It's somehow fitting that Groundhog Day and tax scam season overlap. 

Much like the 1993 Bill Murray film where he repeatedly experienced the same day, tax season scammers come out of their hole every year at the same time and tend to use the same attack methods against organizations and regular taxpayers. 

These scammers stick to these tried-and-true methods because they still work. Luckily, the fact that the same methods are used means cybersecurity teams should be well-versed in spotting an attack.

Whether its phishing scams aimed at payroll or human resources personnel with the goal of obtaining W-2 tax form data or phony Internal Revenue Service telephone calls to taxpayers trying to grab personally identifiable information, tax scam cybercriminals are now a month into their busy season.

Unfortunately for American citizens, tax scams are far more common in the U.S. than in other countries because of the requirement in the U.S. for taxpayers to file tax returns every year. Unfortunately, this situation is not the same in other nations, so threat actors focus their tax scam efforts on the U.S.

To help counter this annual attack trend, the Cybersecurity and Infrastructure Security Agency (CISA) has issued a series of tips to help organizations and citizens avoid being victimized.

W-2 Tax Form Scams

W-2 tax forms contain a treasure trove of information that threat actors greatly value, such as employees' names, addresses, Social Security numbers, and wages, the IRS stated in a warning issued last year. Typically, criminals use the W-2 information to send in fraudulent tax returns diverting any money owed to the worker to the criminal's bank account. However, that is only one use. The attacker can use the personally identifiable information found on the tax form to conduct a wide variety of attacks or gain access to additional data.

Attackers often obtain the W-2 data directly from businesses and organizations. The threat actors accomplish this by using social engineering, which usually entails sending an email from an executive at the targeted company to a person with access to that businesses' W-2 forms. The adversary asks for access to the W-2 information. Since the emails contain the name of a high-ranking person at the company, the human resources or payroll person who receives the email often complies with the request.

The IRS also noted that attackers are now targeting tax preparers with a new email scam. In this case, the attacker impersonates the IRS and attempts to steal Electronic Filing Identification Numbers (EFINs). These thieves then use this information to steal client data and tax preparers' identities, allowing them to file fraudulent tax returns for refunds.

The IRS first spotted this attack variant in early 2021. It uses a phishing email purportedly from the IRS and carries the subject line "Verifying your EFIN before e-filing."

In this case, attackers ask tax preparers to email documents that would disclose their identities and EFINs to the thieves. The attackers then use this information to file fraudulent returns by impersonating the tax professional.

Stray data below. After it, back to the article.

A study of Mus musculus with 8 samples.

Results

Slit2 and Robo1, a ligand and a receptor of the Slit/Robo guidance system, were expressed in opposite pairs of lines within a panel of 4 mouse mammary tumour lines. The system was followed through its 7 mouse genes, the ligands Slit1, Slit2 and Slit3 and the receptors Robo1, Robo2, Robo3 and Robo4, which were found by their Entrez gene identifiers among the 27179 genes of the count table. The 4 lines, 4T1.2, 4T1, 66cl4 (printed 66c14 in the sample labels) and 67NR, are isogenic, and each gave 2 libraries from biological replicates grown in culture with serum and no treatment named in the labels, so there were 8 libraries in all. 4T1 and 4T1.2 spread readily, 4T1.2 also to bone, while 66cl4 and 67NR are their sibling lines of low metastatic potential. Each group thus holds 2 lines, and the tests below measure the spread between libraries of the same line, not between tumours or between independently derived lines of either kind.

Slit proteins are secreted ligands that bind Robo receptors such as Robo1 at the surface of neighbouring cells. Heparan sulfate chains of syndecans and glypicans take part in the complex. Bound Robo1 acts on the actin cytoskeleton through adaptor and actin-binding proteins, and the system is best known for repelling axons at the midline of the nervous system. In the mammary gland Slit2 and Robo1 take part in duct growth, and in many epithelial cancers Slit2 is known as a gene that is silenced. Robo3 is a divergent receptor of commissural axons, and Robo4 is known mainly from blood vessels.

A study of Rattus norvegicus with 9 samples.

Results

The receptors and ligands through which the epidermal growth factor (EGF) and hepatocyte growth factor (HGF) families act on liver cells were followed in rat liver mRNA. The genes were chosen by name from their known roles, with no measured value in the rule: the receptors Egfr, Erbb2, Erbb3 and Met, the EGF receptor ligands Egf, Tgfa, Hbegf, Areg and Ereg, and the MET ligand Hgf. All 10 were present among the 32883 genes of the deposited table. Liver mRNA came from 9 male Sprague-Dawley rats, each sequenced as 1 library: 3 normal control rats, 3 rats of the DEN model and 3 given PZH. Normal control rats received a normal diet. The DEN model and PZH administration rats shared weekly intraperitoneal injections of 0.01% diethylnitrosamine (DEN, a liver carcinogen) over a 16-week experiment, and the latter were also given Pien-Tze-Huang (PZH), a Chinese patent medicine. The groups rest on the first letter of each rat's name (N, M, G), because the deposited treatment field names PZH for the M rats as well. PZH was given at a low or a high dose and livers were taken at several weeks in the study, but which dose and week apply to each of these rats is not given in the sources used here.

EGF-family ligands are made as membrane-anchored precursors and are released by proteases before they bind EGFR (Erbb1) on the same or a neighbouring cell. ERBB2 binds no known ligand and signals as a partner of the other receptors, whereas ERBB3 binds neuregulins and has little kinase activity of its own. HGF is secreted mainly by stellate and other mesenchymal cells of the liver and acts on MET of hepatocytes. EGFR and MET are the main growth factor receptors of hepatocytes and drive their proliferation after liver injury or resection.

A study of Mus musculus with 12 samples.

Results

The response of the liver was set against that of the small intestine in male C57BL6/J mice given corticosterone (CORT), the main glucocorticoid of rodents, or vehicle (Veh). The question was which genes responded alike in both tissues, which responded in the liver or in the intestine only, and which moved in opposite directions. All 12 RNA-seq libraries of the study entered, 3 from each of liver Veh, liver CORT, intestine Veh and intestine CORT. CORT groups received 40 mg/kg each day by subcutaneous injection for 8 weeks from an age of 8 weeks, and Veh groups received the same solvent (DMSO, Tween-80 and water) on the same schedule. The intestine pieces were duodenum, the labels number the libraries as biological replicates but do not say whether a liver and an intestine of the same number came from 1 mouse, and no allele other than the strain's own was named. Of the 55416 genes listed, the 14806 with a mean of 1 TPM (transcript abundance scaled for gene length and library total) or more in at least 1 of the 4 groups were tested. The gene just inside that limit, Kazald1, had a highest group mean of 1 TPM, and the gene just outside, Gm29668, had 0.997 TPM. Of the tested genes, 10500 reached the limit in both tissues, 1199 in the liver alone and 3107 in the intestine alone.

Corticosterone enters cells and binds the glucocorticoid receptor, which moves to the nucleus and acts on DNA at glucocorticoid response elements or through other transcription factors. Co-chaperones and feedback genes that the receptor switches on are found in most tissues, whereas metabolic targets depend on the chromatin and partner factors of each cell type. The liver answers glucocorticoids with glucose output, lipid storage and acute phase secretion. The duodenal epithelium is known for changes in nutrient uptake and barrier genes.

Tax professionals also should be aware of other common phishing scams that seek EFINs, Preparer Tax Identification Numbers (PTINs), or e-Services usernames and passwords.

Some thieves also pose as potential clients. This scam is especially effective because so many remote transactions are taking place due to the pandemic. For example, the thief may repeatedly interact with a tax professional and send an email with an attachment that claims to be their tax information.

Phishing is the Primary Attack Vector 

The primary attack vector is phishing for businesses and taxpayers. CISA's alert noted that scam artists pose as legitimate entities—such as the Internal Revenue Service (IRS), other government agencies, and financial institutions—to defraud taxpayers. The attackers employ sophisticated phishing campaigns to lure users to malicious sites or entice them to activate malware in infected email attachments.

Threat actors use three common elements when conducting a phishing attack.

A Lure: Enticing email content.

Using the name of the Internal Revenue Service or other financial or tax preparation service in the email to make the recipient believe they are in trouble with the government. 

  • A Hook: An email-based exploit.

The email usually has embedded malicious content. These can come in the form of links leading to malicious websites or attachments. In both cases, the link or attachment name displays as a recognized, legitimate website, but the actual URL redirects the user to malicious content.

  • A Catch: A transaction conducted by an actor following a successful attempt.

The victim can spot if they have been hoodwinked by the appearance of unexplainable charges to their bank accounts or payment cards after interacting with the email.

Detecting the Scam

The best way to avoid being victimized is to understand that the IRS 

does not initiate contact with taxpayers by email, text messages, or social media channels to request personal or financial information, CISA said. 

The IRS noted that it conducts all correspondence through the U.S. Postal Service, so if a business is contacted by any other means that communication should be treated as suspicious.